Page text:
WADA appeals to world court over decision on U.S. sprinter
LAUSANNE, Switzerland -- The World Anti-Doping Agency has appealed to the Court of Arbitration for Sport over a decision by U.S. officials that cleared American sprinter LaTasha Jenkins of doping.
WADA director general David Howman told reporters on Wednesday the organization was also considering an appeal in the case of New Zealand yachtsman Simon Daubney, who tested positive for cocaine during Team Alinghi's successful defense of the America's Cup.
"We just appealed against the Jenkins decision," Howman said. "She was exonerated on grounds that, once we looked at it, we considered not sustainable."
Jenkins, a silver medalist in the 200 meters at the 2001 world championships and world indoor championships, tested positive for the steroid nandrolone at a meeting in Belgium in July 2006.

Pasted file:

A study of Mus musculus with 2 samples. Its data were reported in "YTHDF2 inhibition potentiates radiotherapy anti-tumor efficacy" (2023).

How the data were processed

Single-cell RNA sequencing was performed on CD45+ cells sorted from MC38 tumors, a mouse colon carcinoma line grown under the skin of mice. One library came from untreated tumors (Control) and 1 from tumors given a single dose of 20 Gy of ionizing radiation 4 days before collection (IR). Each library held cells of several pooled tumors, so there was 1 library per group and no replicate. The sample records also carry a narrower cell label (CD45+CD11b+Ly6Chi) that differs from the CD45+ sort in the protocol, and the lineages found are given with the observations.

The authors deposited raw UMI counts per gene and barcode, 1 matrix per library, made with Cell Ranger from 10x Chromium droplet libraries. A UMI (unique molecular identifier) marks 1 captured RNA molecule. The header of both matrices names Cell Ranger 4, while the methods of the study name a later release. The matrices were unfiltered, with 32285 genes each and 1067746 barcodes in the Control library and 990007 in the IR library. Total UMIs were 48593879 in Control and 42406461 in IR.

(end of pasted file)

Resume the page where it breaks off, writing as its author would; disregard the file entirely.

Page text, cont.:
The charges against her were dismissed last December by the U.S. Anti-Doping Agency, which cited irregularities in the testing procedure.
Jenkins' representatives argued that the testing laboratories had violated a WADA standard requiring that tests be carried out by different technicians.
Daubney became the first sailor in America's Cup history to fail a doping test after providing a sample containing two metabolites of cocaine on the opening day of the 2007 competition.
The yachtsman subsequently resigned from his Swiss team but had his suspension lifted last month by the International Yachting Federation.
The federation said it had based its decision on a ruling by the Swiss Olympic Association, which ruled Daubney had not violated any anti-doping rules.
"We are looking at the Daubney case very closely because he was fully exonerated for an adverse finding," Howman said. "We have not yet received the full reasons, which is why we have yet to make a final decision, but the first review causes us concern."